Modeling Signal Transduction from Protein Phosphorylation to Gene Expression
Background: Signaling networks are of great importance for us to understand the cell's regulatory mechanism. The rise of large-scale genomic and proteomic data, and prior biological knowledge has paved the way for the reconstruction and discovery of novel signaling pathways in a data-driven manner. In this study, we investigate computational methods that integrate proteomics and transcriptomic data to identify signaling pathways transmitting signals in response to specific stimuli. Such methods can be applied to cancer genomic data to infer perturbed signaling pathways.
Method: We proposed a novel Bayesian Network (BN) framework to integrate transcriptomic data with proteomic data reflecting protein phosphorylation states for the purpose of identifying the pathways transmitting the signal of diverse stimuli in rat and human cells. We represented the proteins and genes as nodes in a BN in which edges reflect the regulatory relationship between signaling proteins. We designed an efficient inference algorithm that incorporated the prior knowledge of pathways and searched for a network structure in a data-driven manner.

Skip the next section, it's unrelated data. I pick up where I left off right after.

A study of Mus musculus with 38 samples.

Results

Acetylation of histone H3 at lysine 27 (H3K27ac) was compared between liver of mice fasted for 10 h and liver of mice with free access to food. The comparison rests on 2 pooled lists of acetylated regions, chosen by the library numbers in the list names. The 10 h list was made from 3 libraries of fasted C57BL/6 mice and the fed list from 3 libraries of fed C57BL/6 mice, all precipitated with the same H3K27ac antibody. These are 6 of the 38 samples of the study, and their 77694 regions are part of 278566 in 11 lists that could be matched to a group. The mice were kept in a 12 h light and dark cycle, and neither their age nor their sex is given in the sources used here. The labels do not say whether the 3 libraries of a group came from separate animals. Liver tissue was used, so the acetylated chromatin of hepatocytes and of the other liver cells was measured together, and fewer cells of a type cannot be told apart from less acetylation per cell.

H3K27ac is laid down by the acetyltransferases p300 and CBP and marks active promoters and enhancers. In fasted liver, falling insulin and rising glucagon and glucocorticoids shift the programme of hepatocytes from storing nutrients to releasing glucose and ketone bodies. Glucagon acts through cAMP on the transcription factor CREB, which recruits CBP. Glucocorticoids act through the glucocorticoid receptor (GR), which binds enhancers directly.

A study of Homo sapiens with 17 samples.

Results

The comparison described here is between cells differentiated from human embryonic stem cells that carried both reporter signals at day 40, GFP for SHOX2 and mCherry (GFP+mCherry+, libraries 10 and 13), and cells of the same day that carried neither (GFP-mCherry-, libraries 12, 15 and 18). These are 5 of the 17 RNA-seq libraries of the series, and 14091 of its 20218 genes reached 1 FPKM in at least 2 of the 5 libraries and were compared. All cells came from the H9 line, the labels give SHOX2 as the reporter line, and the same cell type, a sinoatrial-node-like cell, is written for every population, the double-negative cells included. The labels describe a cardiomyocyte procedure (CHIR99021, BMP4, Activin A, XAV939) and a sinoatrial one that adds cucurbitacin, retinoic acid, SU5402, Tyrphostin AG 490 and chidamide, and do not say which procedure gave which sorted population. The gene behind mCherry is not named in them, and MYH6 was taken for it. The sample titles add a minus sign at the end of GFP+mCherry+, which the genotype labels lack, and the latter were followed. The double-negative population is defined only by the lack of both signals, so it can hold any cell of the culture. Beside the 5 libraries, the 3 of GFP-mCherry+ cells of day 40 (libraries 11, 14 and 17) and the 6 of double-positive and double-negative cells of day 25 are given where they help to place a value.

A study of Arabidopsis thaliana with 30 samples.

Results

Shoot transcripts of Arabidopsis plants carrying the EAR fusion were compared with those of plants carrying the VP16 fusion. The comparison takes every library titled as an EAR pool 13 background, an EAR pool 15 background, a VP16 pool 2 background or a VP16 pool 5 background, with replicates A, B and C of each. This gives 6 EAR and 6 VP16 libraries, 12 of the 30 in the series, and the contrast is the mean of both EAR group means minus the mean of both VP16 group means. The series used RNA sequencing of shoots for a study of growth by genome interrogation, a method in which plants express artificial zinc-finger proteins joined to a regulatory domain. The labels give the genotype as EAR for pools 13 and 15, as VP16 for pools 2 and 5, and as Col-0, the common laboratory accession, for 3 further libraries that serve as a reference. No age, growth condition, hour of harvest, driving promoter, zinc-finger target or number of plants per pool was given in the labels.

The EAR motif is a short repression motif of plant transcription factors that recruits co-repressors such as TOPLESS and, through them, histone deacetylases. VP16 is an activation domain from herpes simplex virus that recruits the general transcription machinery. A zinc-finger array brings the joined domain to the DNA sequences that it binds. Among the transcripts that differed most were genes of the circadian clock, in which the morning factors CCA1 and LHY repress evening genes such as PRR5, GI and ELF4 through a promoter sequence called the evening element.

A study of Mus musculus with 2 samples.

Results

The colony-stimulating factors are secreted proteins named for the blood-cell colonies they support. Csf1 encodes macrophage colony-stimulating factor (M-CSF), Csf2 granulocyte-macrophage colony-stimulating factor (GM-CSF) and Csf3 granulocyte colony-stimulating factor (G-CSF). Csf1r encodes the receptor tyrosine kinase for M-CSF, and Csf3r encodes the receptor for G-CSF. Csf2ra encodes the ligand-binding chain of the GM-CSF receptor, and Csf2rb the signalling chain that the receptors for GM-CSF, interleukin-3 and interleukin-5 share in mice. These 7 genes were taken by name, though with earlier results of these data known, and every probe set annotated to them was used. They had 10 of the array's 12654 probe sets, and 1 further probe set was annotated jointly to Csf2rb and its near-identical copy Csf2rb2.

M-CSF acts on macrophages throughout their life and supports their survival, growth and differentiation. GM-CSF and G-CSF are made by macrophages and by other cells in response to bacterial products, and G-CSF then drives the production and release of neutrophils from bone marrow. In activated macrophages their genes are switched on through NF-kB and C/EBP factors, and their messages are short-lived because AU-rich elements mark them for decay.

Results: We applied our method to infer rat and human specific networks given gene expression and proteomic datasets. We were able to effectively identify sparse signaling networks that modeled the observed transcriptomic and proteomic data. Our methods were able to identify distinct signaling pathways for rat and human cells in a data-driven manner, based on the facts that rat and human cells exhibited distinct transcriptomic and proteomics responses to a common set of stimuli. Our model performed well in the SBV IMPROVER challenge in comparison to other models addressing the same task. The capability of inferring signaling pathways in a data-driven fashion may contribute to cancer research by identifying distinct aberrations in signaling pathways underlying heterogeneous cancers subtypes.